Two thirds of over-50s don’t understand pension reforms

Two thirds of over-50s don’t understand pension reforms

Only a quarter of those over age 50 plan to seek financial advice in the lead up to their retirement, emphasising the need for Pension Wise and the Government’s campaign to raise awareness of the pension changes, according to LV=’s State of Retirement report.

The report, which tracks the financial circumstances of those in and approaching retirement, found that only 33 per cent of over-50s coming to retirement understand the upcoming pension reforms, while 12 per cent are completely unaware that any changes are due to take place.

John Perks, managing director at LV= Retirement Solutions, said, “Today’s retirees will have greater choice and flexibility as to how they take their pension income, yet our report shows that few people approaching retirement understand the choices now available to them. It is important that retirees are aware of all the income options to ensure they select the solution that best suits their needs.”


Of the survey participants planning to retire in the next five years, 37 per cent have one personal pension fund and 41 per cent have more than one. But a quarter of those with a pension pot have no idea how much it is worth.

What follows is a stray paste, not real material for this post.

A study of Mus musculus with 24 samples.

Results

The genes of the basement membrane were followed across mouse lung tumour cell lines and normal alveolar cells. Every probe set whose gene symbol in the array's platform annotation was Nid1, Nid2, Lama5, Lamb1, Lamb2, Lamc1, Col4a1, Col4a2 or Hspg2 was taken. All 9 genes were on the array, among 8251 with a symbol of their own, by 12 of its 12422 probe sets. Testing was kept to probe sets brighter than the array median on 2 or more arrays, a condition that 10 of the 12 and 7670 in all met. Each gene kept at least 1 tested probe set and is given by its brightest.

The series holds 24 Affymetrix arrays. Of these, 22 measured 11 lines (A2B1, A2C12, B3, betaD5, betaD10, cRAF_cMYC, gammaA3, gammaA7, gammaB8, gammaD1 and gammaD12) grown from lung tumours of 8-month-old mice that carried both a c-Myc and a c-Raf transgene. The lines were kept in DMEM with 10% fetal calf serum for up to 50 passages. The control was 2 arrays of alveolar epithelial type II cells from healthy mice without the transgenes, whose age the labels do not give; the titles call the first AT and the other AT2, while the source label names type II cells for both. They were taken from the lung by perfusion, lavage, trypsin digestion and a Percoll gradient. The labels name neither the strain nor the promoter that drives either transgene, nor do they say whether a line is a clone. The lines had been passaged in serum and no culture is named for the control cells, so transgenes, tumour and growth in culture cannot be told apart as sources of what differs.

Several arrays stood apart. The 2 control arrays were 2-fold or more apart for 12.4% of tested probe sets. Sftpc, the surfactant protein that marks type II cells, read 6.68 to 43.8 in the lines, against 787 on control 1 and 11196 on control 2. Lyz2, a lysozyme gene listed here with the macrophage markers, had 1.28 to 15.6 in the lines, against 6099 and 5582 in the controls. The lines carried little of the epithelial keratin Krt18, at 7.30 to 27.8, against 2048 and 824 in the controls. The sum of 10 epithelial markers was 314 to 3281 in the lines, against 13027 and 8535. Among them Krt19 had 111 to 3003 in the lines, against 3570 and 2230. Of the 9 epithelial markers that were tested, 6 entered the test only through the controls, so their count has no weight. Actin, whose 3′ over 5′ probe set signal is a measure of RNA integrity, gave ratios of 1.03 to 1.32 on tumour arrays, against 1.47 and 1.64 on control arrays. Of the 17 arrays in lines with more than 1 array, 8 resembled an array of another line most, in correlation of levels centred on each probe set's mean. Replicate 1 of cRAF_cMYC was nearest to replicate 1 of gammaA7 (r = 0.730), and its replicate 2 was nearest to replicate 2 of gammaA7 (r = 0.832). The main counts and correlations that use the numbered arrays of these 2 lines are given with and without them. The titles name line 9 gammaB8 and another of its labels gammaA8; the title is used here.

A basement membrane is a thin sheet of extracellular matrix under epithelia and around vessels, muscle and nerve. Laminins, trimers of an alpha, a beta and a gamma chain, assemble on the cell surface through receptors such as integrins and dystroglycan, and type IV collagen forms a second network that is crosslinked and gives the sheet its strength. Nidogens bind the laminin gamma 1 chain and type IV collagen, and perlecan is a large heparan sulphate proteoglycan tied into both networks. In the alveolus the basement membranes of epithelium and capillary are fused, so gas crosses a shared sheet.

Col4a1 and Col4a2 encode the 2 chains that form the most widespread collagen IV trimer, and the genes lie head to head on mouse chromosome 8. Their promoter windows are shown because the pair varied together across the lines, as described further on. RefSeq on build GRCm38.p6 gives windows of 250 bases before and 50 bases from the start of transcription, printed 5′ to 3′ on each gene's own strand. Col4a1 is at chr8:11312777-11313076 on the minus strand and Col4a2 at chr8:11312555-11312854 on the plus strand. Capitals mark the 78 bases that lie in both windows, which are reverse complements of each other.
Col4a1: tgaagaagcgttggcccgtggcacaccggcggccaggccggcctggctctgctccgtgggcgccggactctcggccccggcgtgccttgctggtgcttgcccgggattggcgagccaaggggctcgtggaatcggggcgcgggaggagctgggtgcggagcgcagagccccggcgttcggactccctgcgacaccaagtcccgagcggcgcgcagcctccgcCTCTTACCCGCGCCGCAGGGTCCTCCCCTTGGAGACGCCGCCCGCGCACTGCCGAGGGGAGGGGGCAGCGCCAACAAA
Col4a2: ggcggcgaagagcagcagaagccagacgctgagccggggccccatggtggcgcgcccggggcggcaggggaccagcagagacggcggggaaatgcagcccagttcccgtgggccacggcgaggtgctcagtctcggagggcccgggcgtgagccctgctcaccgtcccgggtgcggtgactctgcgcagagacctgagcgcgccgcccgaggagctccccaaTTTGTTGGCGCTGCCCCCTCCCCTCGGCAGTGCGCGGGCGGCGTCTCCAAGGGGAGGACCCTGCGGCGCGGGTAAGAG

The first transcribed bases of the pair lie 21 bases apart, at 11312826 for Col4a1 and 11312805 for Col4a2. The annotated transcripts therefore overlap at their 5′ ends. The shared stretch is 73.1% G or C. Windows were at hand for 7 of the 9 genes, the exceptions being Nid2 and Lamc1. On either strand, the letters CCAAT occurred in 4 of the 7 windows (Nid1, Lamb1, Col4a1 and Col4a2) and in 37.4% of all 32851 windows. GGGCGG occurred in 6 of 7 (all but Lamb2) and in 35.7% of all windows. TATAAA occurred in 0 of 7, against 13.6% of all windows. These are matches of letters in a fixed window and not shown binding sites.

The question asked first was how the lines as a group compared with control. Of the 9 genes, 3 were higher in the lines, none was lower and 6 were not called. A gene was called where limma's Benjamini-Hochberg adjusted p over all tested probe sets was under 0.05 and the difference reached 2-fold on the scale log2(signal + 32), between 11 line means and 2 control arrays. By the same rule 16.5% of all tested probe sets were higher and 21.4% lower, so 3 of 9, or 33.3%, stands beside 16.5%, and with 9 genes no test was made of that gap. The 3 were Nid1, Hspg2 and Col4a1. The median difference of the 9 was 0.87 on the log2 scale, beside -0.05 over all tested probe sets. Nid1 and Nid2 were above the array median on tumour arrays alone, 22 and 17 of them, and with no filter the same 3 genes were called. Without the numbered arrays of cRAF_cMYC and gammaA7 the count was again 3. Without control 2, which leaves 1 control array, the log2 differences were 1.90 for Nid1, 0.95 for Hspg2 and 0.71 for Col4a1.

Many coming up to retirement underestimate how much they have saved over the course of their working life, creating a disparity between the amount of income people believe they will need and what they will actually receive. The average respondent estimated that they would need a minimum of £276 per week to survive in retirement, but in reality can only expect £189 per week – a shortfall of £4,524 each year.

Michelle Cracknell, chief executive of The Pensions Advisory Service, said, “We are such a difficult industry to navigate around and there is a misunderstanding of the options available. Our ambition is that the guidance on pensions becomes a life event.”

Outstanding debt is not a problem just for young people, as the report finds that 4.3m retirees admit to having some form of debt. People are also spending longer in retirement, as the average life expectancy for those that reach state retirement is 84.5, meaning that retiree’s income needs to go further for longer.

In order to save enough money to fund their lifestyle in retirement, 22 per cent of over-50s now expect to retire later than they had originally hoped, and a further 10 per cent have found they need to work more hours coming up to retirement as opposed to their expected fewer hours.

The report also discussed the gender gap in retirement savings, stating that men who responded to the survey (those with a workplace and/or private pension) could expect to reach retirement with a pot worth on average £201,000, while the equivalent women’s pot was worth on average £107,000 at retirement. Women are less likely to have a private pension – 23 per cent of women within five years of retirement plan to live solely off the state pension, compared with 9 per cent of men.